Emerging Civil War welcomes guest author John Lustrea
While only roughly 20% of all Civil War nurses were women, several notable women occupy a prominent place in our modern imagination when we think of Civil War nurses. Dorothea Dix, Clara Barton, and others have all been written about extensively for their incredible service comforting the afflicted during the Civil War. History may not have remembered all the nurses who served, but a series of letters from the National Museum of Civil War Medicine’s collection brings to light one of the forgotten heroes of the Civil War: Clara Jones.
Jones was 28 years old and single when the Civil War broke out in 1861. As such, she relied heavily on her salary as a teacher at Rittenhouse Grammar School in Germantown, Pennsylvania. “If I was in the midst of the distress, consequent upon a battle, lending a helping hand to the poor fellows, I would feel really happy in comparison — but here I am, tied to School,” lamented Jones to a friend.
Her intense desire to help those who were suffering would not let her remain idle at home. Whenever school was out of session Jones promptly went to the front lines where she felt she could do the most good. During the Christmas and New Year holidays in 1861, Jones brought food and medical supplies to soldiers outside of Washington. In the summer of 1862 she spent a month serving on board a hospital ship, the State of Maine, and a month at the Lyceum hospital in Alexandria, Virginia. While there she caught typhoid fever which left her bedridden until November of 1862.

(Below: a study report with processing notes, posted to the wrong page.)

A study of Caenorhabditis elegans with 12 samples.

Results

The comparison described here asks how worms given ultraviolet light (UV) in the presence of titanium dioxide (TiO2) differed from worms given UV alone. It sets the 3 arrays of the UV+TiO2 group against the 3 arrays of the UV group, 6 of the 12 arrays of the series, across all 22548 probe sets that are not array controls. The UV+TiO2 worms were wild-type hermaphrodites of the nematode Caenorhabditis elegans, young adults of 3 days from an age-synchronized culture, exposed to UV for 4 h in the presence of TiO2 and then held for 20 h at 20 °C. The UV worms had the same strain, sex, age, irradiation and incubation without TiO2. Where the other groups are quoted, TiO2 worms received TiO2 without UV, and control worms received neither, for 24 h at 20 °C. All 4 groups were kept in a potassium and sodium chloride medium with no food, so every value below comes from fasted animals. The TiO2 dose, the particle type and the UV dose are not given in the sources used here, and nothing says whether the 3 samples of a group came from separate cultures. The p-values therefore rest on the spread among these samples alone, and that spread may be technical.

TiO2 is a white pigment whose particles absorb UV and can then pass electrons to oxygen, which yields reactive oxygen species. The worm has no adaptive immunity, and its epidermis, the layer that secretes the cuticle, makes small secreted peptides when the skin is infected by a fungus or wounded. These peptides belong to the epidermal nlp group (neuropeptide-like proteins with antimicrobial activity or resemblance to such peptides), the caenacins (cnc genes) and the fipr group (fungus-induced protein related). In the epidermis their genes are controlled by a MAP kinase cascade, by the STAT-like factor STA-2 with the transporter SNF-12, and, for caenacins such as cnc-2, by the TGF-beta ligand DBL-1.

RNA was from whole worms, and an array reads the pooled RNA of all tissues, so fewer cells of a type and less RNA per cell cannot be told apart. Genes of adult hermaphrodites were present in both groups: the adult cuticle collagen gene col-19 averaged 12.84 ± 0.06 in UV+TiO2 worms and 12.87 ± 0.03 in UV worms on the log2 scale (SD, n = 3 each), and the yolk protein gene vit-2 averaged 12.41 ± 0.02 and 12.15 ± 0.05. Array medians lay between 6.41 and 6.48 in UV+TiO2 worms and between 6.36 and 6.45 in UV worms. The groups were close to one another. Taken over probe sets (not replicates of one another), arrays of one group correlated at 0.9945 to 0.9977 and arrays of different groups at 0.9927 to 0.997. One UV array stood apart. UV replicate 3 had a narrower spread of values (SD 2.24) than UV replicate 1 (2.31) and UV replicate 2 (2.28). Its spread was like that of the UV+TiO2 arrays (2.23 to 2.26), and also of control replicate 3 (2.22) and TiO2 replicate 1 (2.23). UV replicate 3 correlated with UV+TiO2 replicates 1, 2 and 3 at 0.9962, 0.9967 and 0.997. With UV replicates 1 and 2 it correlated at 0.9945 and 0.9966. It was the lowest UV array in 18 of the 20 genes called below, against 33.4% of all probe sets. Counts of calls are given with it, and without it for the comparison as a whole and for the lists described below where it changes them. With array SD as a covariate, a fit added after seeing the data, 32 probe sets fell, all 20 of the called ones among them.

The brush with a deadly disease still did not deter her from lending her aid to ailing soldiers. In the aftermath of the Battle of Gettysburg, she rushed to the battlefield and nursed soldiers in the Second Corps field hospital.
In the spring of 1864, her missions of mercy to the Union lines were cut short by her sister Elizabeth’s poor health and eventual death. Between her teaching job and caring for the three surviving children, she could not leave home.
Although Jones’ Civil War service came to an end, her story did not stop at the end of the conflict. She was an active member of the Woman’s Permanent Emergency Association of Germantown which formed to help victims of the Johnstown Flood of 1889. She also worked closely with the Red Cross during the Spanish American War to send aid to American soldiers. She even had the impulse to go to Europe during World War I, but could not do so because of her advanced age.
In addition to having a heart for struggling soldiers, Jones had a desire to help her fellow volunteer nurses who served during the Civil War. As the president of the National Association of Army Nurses of the Civil War from 1906 to 1909 she led a charge to reform the Army Nurses Pension Act of 1892 to make it easier for volunteer nurses who were not on a government payroll to obtain pensions.
In short, Clara Jones lived a long life of advocacy and compassion. For a more detailed account of her life, read the series of four blog posts about her at www.civilwarmed.org/clara-jones1
John Lustrea is a member of the Education Department at the National Museum of Civil War Medicine. He earned his Master’s degree in Public History from the University of South Carolina. Lustrea has previously worked at Harpers Ferry National Historical Park during the summers of 2013-2016.
 Clara Jones to Lane Schofield, October 23, 1861.